Tuesday, 29 May 2012
Trans fatty acids (commonly termed trans fats) are a type of unsaturated fat (and may be monounsaturated or polyunsaturated).
Trans fats occur naturally, in small quantities, in meat and dairy products from ruminants. Most trans fats consumed today, however, are industrially created as a side effect of partial hydrogenation of plant oils — a process developed in the early 1900s and first commercialized as Crisco in 1911. Partial hydrogenation changes a fat's molecular structure (raising its melting point and reducing rancidity) but this process also results in a proportion of the changed fat becoming trans fat.
Unlike other fats, trans fats are neither required nor beneficial for health. Eating trans fat increases the risk of coronary heart disease. For these reasons, health authorities worldwide recommend that consumption of trans fat be reduced to trace amounts. Trans fats from partially hydrogenated oils are generally considered to be more of a health risk than those occurring naturally.
Trans fats are increasingly being linked to chronic health conditions (see below), are tightly regulated in a few countries, are mandatory on product labels in many others, and are the central issue in several ongoing lawsuits (particularly against fast food outlets). Many companies are voluntarily removing trans fats from their products, or establishing trans fat-free product lines.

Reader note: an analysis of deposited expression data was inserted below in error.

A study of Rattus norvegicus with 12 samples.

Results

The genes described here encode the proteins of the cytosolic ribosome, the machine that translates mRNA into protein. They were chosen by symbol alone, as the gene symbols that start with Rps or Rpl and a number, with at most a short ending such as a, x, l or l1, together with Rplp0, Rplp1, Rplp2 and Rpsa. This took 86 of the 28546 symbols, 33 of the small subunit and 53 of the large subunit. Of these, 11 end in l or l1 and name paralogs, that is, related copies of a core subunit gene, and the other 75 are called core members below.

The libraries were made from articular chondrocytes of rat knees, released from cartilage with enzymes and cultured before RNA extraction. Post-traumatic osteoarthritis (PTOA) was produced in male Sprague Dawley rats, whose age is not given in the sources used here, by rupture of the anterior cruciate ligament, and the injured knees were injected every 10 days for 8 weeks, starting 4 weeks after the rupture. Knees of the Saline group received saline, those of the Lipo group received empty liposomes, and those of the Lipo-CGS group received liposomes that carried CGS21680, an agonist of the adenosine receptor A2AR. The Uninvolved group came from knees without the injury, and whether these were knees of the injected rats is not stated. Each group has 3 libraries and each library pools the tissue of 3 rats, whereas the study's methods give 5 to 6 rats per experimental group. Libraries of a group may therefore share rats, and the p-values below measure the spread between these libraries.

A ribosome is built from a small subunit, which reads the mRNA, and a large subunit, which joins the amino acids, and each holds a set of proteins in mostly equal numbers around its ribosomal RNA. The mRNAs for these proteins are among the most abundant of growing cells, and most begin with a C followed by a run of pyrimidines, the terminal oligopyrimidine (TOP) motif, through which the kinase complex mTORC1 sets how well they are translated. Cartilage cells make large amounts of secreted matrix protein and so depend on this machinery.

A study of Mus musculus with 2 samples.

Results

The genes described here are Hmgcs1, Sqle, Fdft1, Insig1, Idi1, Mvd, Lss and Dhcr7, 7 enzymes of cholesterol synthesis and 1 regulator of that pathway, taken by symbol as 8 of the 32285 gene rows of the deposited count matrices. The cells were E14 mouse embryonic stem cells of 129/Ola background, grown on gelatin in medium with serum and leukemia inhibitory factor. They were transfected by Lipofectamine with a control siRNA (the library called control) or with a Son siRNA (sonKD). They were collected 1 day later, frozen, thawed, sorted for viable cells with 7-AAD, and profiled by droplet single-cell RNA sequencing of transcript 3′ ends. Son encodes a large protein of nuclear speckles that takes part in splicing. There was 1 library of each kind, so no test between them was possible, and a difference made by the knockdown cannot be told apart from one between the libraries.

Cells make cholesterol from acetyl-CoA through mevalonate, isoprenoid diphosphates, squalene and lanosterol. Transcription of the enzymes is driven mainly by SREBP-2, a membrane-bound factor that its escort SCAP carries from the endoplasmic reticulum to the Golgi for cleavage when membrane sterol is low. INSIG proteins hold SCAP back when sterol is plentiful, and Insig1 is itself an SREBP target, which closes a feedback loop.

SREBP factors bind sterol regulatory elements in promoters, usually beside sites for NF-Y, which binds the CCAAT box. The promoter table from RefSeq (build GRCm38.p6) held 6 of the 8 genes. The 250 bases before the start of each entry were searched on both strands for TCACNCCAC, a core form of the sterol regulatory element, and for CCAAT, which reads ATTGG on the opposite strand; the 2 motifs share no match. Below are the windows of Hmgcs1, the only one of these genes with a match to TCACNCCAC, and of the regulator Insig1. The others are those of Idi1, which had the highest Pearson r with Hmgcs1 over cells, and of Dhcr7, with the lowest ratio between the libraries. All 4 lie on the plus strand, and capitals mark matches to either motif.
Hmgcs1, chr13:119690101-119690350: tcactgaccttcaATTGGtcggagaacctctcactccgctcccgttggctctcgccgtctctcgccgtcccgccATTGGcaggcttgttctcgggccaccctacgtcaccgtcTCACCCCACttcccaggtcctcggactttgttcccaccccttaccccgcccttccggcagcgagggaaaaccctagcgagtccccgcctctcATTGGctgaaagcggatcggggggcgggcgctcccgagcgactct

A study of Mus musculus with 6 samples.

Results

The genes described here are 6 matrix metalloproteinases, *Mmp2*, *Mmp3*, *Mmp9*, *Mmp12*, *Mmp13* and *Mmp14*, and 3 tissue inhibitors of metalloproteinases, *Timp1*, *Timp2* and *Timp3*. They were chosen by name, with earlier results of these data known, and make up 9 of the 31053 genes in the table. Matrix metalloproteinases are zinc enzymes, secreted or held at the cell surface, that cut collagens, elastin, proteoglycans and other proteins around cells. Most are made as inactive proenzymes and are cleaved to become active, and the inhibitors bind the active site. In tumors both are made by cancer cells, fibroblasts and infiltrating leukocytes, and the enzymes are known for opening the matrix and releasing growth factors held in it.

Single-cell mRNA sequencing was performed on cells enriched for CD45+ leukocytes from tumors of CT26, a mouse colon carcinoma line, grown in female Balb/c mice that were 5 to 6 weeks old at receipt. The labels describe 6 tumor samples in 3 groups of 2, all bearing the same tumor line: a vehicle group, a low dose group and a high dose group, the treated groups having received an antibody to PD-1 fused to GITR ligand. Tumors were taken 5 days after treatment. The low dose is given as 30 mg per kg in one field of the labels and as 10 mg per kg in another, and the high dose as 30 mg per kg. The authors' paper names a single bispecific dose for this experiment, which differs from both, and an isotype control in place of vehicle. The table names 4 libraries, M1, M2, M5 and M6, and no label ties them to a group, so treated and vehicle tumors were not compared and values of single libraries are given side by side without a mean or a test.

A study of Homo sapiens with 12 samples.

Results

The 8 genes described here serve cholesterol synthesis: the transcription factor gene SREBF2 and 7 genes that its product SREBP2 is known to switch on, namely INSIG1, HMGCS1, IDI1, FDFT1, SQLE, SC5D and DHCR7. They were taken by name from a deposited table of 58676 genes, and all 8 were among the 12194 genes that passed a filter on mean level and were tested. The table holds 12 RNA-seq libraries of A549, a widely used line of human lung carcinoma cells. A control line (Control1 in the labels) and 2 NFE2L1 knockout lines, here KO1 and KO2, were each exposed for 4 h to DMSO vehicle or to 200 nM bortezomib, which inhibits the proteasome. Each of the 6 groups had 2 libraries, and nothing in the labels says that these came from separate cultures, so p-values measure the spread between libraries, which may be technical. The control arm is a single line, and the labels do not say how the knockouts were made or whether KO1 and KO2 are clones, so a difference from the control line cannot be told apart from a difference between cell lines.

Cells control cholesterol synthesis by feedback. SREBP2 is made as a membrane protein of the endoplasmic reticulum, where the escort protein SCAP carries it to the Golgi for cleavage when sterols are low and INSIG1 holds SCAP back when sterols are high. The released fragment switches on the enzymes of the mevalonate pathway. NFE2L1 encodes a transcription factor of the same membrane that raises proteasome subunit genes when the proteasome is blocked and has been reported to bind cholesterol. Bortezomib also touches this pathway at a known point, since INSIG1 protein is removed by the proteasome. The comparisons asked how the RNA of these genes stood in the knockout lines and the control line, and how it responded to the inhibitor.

Chemically, trans fats are made of the same building blocks as non-trans fats, but have a different shape. In trans fat molecules, the double bonds between carbon atoms (characteristic of all unsaturated fats) are in the trans rather than the cis configuration, resulting in a more straight rather than a kinked shape. As a result, trans fats are less fluid and have a higher melting point than the equivalent cis fats. THE END.